Marine Link
Wednesday, September 28, 2016

GL Launches Pocket Guide for MLC 2006

December 16, 2011

With a sweeping reach and wide ranging application the Maritime Labour Convention, 2006 (MLC 2006) will have a significant impact on shipowners, managers, crewing agencies and most importantly the seafarers on-board. At its entry into force the MLC 2006 will alter some 37 ILO conventions and require the certification of over 55,000 seagoing vessels. Preparing for this sea change will require a massive adjustment. To support the maritime industry in this endeavour Germanischer Lloyd (GL) has developed an easy to use Pocket Guide on the MLC 2006. 
Alongside GL's E-Learning tool on the Convention the new Pocket Guide is part of a set of tools to make the implementation of the MLC 2006 as smooth, transparent and comprehensible as possible. The Pocket Guide explains as simply, practically and concisely as possible, what the MLC 2006 is about, what it means to those on board and, during a MLC 2006 audit, what the inspectors will be looking for when they visit a vessel.
Olaf Quas, GL's Global Head of Practice ISM/ISPS/MLC 2006, explains: "We have developed this Pocket Guide to help seafarers to understand the key issues of this new Convention and enable shipowners to prepare for demonstrating compliance with the new requirements. The main topics of the MLC 2006 are explained very clearly and concisely. This Pocket Guide has been built especially with the crew on board in mind, but its portability and ease of use will also be appreciated by personnel who cannot easily visit a training seminar."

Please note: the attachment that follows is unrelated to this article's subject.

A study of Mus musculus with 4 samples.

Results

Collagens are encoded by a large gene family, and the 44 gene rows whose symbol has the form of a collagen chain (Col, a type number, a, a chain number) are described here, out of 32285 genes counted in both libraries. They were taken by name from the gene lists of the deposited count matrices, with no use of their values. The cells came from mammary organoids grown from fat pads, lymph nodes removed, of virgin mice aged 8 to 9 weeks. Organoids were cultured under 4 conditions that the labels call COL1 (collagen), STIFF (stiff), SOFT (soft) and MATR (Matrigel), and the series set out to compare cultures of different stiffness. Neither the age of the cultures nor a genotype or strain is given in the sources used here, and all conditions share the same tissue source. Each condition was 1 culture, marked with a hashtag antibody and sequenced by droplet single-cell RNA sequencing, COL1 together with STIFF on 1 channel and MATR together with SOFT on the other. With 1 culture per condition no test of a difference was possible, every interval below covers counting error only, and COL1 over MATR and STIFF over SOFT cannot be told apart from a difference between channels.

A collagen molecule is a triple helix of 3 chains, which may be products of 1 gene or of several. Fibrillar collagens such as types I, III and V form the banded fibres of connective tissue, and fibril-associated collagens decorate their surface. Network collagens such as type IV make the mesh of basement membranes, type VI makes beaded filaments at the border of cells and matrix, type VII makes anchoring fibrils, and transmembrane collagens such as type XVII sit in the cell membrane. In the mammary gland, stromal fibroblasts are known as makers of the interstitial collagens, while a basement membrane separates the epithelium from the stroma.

The so called "Fourth Pillar of Shipping" the MLC 2006 will introduce mandatory regulations governing the working and living conditions for seafarers on nearly every seagoing ship trading internationally. The convention sets out to provide seafarers with fair, safe and decent working and living conditions.  To date, 22 Member States have ratified the Maritime Labour Convention, 2006 (MLC 2006), with another eight ratifications still required for ratification. The MLC 2006 will then enter into force 12 months later. Although the exact date of entry into force of this new Convention is not yet known, it is anticipated that full ratification will be achieved early in 2012.